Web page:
ServiceFriday: Authenticity Makes a Difference

– Written by Natalie Both for the Center for Services Leadership

Service providers are regularly told to observe customer’s body language and reactions to a service being offered. What are their facial expressions conveying? Do they seem to be closed off? Are they enjoying the experience or just pretending to? With so much focus on the customer, consideration of the service provider’s own demeanor tends to be ignored. “Service with a smile” is a commonly repeated phrase in the service industry, but a manager forcing an employee to smile on the job may not have the positive effect desired.

Nonverbal behaviors occur consistently throughout interactions between people. These may include actions such as smiling, posture, gaze, etc., and are “then perceived and interpreted by the other interaction partner.” For example, one interaction partner might cross their arms, conveying the impression to the other partner that they are resistant to the conversation. Extensive research has been conducted to determine how to read consumer nonverbal behavior, but less has been done to examine the influence of nonverbal cues displayed by service providers. In an article published in the Journal of Retailing and Consumer Services, the effects of nonverbal communication during service encounters, particularly smiling, were studied from the viewpoint of customers.

Nonverbal behaviors can reveal an individual’s “emotional state, personality, or behavioral intentions,” and customers interpret these just as much as service providers do. When interacting with a service provider, customers want to feel as if their voice is being heard; that they have the provider’s full and undivided attention. Studies have shown that the perceived emotional state of a service provider can be a “main determinant of overall customer satisfaction.” When a customer feels a provider’s emotional state is not in line with their own (particularly if a provider is perceived to be angry or frustrated), this may deter the customer from returning for service.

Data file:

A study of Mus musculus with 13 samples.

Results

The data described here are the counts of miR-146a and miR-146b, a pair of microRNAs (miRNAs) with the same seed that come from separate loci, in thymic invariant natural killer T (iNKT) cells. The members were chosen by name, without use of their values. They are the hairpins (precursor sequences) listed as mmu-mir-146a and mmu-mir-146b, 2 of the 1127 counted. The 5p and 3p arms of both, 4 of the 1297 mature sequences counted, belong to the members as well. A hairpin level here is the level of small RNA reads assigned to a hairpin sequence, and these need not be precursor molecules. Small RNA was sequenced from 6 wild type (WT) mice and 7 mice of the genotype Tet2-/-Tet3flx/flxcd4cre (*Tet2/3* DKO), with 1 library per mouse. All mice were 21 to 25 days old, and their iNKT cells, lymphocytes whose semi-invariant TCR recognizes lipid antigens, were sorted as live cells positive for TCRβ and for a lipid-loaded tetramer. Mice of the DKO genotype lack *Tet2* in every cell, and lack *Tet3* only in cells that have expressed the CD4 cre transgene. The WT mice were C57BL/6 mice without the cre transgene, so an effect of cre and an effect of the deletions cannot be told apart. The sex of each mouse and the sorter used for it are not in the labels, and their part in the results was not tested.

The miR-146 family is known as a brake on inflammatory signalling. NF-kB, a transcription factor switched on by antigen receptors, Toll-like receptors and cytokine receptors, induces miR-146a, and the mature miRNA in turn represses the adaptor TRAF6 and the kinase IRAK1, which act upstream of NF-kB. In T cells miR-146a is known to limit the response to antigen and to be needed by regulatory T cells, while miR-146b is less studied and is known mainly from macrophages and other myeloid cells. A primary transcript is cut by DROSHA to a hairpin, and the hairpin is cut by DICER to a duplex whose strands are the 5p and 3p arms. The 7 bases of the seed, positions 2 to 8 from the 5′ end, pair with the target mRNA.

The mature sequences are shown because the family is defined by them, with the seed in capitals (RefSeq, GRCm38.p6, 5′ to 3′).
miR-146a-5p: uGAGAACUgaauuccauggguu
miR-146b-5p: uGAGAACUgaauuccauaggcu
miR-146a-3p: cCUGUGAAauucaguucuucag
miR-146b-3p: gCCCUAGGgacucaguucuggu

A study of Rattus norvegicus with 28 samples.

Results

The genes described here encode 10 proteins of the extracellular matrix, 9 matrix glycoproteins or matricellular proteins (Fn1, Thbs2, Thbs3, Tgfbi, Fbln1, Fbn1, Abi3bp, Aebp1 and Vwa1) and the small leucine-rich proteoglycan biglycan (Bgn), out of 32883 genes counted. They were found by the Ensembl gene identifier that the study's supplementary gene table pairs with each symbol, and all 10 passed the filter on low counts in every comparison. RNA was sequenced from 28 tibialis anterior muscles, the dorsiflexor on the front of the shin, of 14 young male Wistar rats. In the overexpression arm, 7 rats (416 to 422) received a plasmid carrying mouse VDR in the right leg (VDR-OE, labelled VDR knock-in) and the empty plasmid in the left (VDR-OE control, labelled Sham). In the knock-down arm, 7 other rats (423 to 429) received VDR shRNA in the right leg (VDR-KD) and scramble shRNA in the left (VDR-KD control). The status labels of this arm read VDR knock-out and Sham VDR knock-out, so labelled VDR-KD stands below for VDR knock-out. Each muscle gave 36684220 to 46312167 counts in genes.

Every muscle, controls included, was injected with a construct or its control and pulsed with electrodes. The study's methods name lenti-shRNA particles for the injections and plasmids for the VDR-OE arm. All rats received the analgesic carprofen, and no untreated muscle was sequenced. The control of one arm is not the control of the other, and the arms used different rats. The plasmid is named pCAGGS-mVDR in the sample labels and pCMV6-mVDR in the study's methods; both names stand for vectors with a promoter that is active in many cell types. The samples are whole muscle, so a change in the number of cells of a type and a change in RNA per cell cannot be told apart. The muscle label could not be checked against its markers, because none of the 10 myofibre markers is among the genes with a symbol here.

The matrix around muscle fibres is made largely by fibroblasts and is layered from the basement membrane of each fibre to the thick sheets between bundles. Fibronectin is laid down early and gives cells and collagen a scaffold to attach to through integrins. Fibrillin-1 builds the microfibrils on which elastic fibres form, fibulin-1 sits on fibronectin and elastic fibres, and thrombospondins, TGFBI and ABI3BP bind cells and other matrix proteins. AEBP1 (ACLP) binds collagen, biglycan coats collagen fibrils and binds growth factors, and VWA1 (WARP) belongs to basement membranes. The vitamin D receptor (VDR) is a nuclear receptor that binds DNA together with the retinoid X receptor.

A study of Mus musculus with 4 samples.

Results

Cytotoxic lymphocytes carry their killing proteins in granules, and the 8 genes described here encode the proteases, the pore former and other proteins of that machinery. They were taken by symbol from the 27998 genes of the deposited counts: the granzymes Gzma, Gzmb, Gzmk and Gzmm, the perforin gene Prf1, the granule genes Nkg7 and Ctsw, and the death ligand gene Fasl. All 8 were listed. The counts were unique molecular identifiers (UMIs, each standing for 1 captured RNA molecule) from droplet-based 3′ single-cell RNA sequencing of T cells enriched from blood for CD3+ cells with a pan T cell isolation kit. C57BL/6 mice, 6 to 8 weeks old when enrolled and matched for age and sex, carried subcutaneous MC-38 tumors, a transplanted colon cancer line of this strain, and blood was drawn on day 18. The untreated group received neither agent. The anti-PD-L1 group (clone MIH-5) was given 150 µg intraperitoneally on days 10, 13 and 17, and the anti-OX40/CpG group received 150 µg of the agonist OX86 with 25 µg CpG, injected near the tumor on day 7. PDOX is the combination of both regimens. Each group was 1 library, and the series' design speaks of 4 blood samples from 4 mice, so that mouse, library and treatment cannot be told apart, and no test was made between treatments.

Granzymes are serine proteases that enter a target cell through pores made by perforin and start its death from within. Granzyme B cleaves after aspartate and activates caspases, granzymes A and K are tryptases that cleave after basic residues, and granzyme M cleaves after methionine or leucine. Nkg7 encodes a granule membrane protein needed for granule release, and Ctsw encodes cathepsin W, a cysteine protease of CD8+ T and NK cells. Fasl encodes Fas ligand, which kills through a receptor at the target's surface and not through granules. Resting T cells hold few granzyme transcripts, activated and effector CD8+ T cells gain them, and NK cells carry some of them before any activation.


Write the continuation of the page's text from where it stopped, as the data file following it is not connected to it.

Smiling is a major indication of an individual’s emotional state, and according to research, there are two specific types of smile: Duchenne smiles and non-Duchenne smiles. “The Duchenne smile, also known as a genuine, felt, or enjoyment smile, is often said to be a spontaneous reflection of experienced emotion…characterized by activation of the orbicularis oculi (cheek raiser) muscle that makes crow’s feet at the outer corner of the eyes coupled with activation of the zygomatic major muscle that extends the mouth into a smile.” The non-Duchenne smile however, or “non-enjoyment, false, or fake smile, lacks the aforementioned eye muscle movement, but still provides the muscle movement that extends the mouth into a smile.”

A person tends to display an inauthentic smile when they are “masking negative feelings such as discomfort, dislike, embarrassment, or anxiety,” or when they must follow a role such as a boss telling them to improve their customer service. However, customers are able to perceive this inauthenticity, so in the service industry, it is important to leave one’s negative emotions at the door before interacting with customers.

To read the full article go to the Journal of Retailing and Consumer Services at this link. (A fee may apply.)